By Katie Azevedo, M.Ed.
Note-taking is a skill. The more you do it, the better you get. Even the most focused students get confused about note-taking. But throw ADHD or just general distractibility into the mix, and taking notes during class can seem impossible.
The most common questions I get about how to take notes with ADHD:
- How do I know what’s important?
- How do I know what to write down?
- How can I write and listen at the same time?
- Should I take notes differently for different subjects?
- Do I even need to take notes?
Whether you have ADHD or you just have a hard time staying focused in class for other reasons, the note-taking strategy I describe here works because it will help you keep your thoughts where they should be, which is on the teacher and on the lesson.
How to take notes with ADHD
Short answer: Take notes, and at the same time, take notes on your notes.
Eek! Let me explain the steps.
1. Start with a piece of paper. Draw a simple line down the middle, creating two equal columns.
2. The left hand column is where you write your actual notes. (Stuff the teacher is saying and/or writing on the board.) Don’t write this stuff down word-for-word, but always aim for at least these two things: 1) The main idea, 2) Examples / explanations/ problem sets. Not even sure how to take these notes? Watch my note-taking video here.
3. The right hand column is where you write down your own thoughts on the information, in your own words or in your own pictures. Everything you write down here should come from your own head, in you own voice.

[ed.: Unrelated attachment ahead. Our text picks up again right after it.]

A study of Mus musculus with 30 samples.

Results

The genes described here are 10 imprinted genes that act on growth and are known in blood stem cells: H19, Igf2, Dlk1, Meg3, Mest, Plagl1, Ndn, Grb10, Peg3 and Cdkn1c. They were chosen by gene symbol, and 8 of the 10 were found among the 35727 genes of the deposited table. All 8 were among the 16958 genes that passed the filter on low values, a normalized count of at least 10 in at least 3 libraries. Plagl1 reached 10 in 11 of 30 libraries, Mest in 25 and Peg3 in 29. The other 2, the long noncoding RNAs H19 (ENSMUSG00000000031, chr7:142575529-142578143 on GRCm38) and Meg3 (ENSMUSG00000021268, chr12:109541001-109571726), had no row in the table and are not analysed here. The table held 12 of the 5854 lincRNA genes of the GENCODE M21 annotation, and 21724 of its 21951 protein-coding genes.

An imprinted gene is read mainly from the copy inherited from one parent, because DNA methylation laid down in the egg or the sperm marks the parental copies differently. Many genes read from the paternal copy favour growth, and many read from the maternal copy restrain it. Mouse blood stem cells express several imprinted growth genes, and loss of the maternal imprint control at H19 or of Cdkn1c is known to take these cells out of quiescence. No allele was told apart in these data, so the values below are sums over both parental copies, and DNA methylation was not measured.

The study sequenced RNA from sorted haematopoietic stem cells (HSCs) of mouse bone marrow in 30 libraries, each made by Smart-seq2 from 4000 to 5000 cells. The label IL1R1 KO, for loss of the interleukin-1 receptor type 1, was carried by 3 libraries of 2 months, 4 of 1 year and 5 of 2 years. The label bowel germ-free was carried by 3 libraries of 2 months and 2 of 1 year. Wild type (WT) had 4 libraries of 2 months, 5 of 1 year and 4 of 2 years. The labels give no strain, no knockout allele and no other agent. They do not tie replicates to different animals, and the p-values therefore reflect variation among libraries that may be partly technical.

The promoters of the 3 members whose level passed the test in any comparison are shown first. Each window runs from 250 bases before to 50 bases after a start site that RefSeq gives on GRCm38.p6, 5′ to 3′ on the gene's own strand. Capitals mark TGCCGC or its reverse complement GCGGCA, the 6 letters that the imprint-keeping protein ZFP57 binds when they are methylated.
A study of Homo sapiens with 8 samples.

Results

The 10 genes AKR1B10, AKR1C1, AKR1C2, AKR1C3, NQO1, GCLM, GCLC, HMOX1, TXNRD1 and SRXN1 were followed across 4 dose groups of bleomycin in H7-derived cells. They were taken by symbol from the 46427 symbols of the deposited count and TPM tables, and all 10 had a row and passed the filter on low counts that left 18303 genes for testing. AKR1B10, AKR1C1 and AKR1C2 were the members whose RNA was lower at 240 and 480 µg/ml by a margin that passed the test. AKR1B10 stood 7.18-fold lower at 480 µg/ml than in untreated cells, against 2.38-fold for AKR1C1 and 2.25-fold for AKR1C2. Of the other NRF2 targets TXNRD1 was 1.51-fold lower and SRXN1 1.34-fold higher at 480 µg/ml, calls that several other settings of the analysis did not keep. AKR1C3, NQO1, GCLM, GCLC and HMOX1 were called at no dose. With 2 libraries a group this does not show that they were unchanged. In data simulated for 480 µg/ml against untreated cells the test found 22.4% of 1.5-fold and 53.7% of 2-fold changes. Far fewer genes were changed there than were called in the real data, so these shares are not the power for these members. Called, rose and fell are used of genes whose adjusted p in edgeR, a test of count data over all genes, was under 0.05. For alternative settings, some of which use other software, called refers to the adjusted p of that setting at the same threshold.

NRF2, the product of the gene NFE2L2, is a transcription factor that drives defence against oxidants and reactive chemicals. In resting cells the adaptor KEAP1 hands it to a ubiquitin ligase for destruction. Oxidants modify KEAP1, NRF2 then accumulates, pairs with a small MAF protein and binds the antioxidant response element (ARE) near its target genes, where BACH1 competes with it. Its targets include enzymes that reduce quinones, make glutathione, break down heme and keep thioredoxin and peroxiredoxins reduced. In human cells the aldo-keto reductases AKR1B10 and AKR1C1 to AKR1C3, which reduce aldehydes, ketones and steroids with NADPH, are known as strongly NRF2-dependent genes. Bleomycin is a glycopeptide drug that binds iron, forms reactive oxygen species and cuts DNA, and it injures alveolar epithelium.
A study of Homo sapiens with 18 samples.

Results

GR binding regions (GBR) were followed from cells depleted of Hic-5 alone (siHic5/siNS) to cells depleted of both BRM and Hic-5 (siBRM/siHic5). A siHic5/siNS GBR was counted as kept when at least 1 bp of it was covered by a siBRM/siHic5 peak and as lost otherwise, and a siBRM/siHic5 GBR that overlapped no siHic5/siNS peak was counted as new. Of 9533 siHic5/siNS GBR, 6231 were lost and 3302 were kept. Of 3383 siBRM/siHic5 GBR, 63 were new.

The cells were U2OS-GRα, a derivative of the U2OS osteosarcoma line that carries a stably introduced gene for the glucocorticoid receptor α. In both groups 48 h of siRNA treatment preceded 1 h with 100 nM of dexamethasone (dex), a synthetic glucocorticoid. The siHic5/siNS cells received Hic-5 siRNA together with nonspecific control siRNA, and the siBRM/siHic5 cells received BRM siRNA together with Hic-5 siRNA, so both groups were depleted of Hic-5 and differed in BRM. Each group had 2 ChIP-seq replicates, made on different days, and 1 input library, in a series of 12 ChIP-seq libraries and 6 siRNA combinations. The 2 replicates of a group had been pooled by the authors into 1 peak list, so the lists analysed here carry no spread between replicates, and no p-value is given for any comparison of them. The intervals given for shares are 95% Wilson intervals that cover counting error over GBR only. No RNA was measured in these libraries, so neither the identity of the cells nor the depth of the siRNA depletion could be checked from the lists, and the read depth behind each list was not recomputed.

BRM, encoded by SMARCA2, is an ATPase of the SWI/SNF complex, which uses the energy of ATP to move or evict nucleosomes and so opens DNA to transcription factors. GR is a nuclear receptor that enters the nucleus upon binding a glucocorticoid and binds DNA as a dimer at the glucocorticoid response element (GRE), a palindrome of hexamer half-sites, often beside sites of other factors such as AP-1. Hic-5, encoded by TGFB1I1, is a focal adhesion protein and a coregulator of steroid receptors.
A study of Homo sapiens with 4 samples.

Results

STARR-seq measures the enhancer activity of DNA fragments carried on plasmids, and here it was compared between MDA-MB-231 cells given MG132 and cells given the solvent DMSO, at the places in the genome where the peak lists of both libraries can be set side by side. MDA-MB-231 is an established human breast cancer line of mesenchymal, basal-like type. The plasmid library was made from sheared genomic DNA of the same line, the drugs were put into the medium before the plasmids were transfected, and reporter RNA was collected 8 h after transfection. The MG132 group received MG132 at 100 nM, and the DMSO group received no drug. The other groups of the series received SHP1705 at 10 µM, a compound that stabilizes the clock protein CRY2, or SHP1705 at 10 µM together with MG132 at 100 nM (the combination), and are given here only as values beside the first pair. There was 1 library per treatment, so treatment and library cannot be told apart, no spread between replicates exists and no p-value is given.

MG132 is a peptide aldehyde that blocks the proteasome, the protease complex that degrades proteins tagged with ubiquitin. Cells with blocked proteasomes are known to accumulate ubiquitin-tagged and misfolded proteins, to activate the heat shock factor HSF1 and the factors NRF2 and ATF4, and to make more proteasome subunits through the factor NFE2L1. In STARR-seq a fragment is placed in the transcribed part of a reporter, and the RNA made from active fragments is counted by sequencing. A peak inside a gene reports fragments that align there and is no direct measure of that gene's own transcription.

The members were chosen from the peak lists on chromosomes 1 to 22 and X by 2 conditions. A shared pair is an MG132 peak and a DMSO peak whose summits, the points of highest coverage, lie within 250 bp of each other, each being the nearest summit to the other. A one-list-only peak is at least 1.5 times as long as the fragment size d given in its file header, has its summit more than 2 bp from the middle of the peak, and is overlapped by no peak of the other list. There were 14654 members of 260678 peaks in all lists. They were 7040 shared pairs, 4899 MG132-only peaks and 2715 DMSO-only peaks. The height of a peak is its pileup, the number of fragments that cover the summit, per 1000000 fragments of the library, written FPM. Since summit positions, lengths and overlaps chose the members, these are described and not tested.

This is the part where most people with ADHD start to get distracted. At this point, you might start to think about random things that pop into your head. You can’t stop your brain from thinking – and nor should you – but TRY YOUR HARDEST to let your mind “wander” to something related to what you’re taking notes on.
Some examples of the thoughts you might have: This is confusing, this is interesting, this is kind of like that other thing we learned, I don’t get this, this sounds like it’s important enough to be on the exam, this would make a good topic for our research paper, this makes no sense, yada yada yada…
As these thoughts pop up, write them down in the right hand column. If something is confusing or you just totally miss what the teacher says, write down a giant question mark. If the teacher describes something that you think would make more sense as an image or a chart, draw it out.
When we are distracted and can’t focus on what we should be paying attention to, it’s because our thoughts are going somewhere else. It’s silly to think I just won’t have thoughts. Suuuuure you won’t. Ha!
Why this note-taking method works for people with ADHD / distractibility
This note-taking method works because it still allows your inner voice (your thoughts) to bubble up, but then you channel them to something relevant that can be written down in the right hand column. If you’re a doodler, don’t expect yourself to stop, but at least doodle something in this column that is related to what your notes are about.
What to do if you zone out
We all zone out from time to time, no matter how good our note-taking method is or how focused we try to be. If this happens, follow these steps here.
Like any study skill that I teach, this one won’t work at all … if you don’t try it. You can listen to this video and think Yeah, that might work, but then you never actually try it. Or you could just “kind of” try it for two minutes in one of your classes … but no, that won’t work. You’ll still be stuck wondering why doesn’t note-taking work for me??
Here’s how to make this “note-taking for ADHD” method work: For two weeks straight, take notes like this. No exceptions. Walk into your lecture classes, write the date and topic at the top of a piece of paper … then draw your line down the middle … then have at it. At the end of two weeks I’ll bet you’ll see a difference in your retention, your understanding, and your focus.
For more tips about managing ADHD, check out the podcast I recorded with world-famous ADHD expert Dr. Ned Hallowell.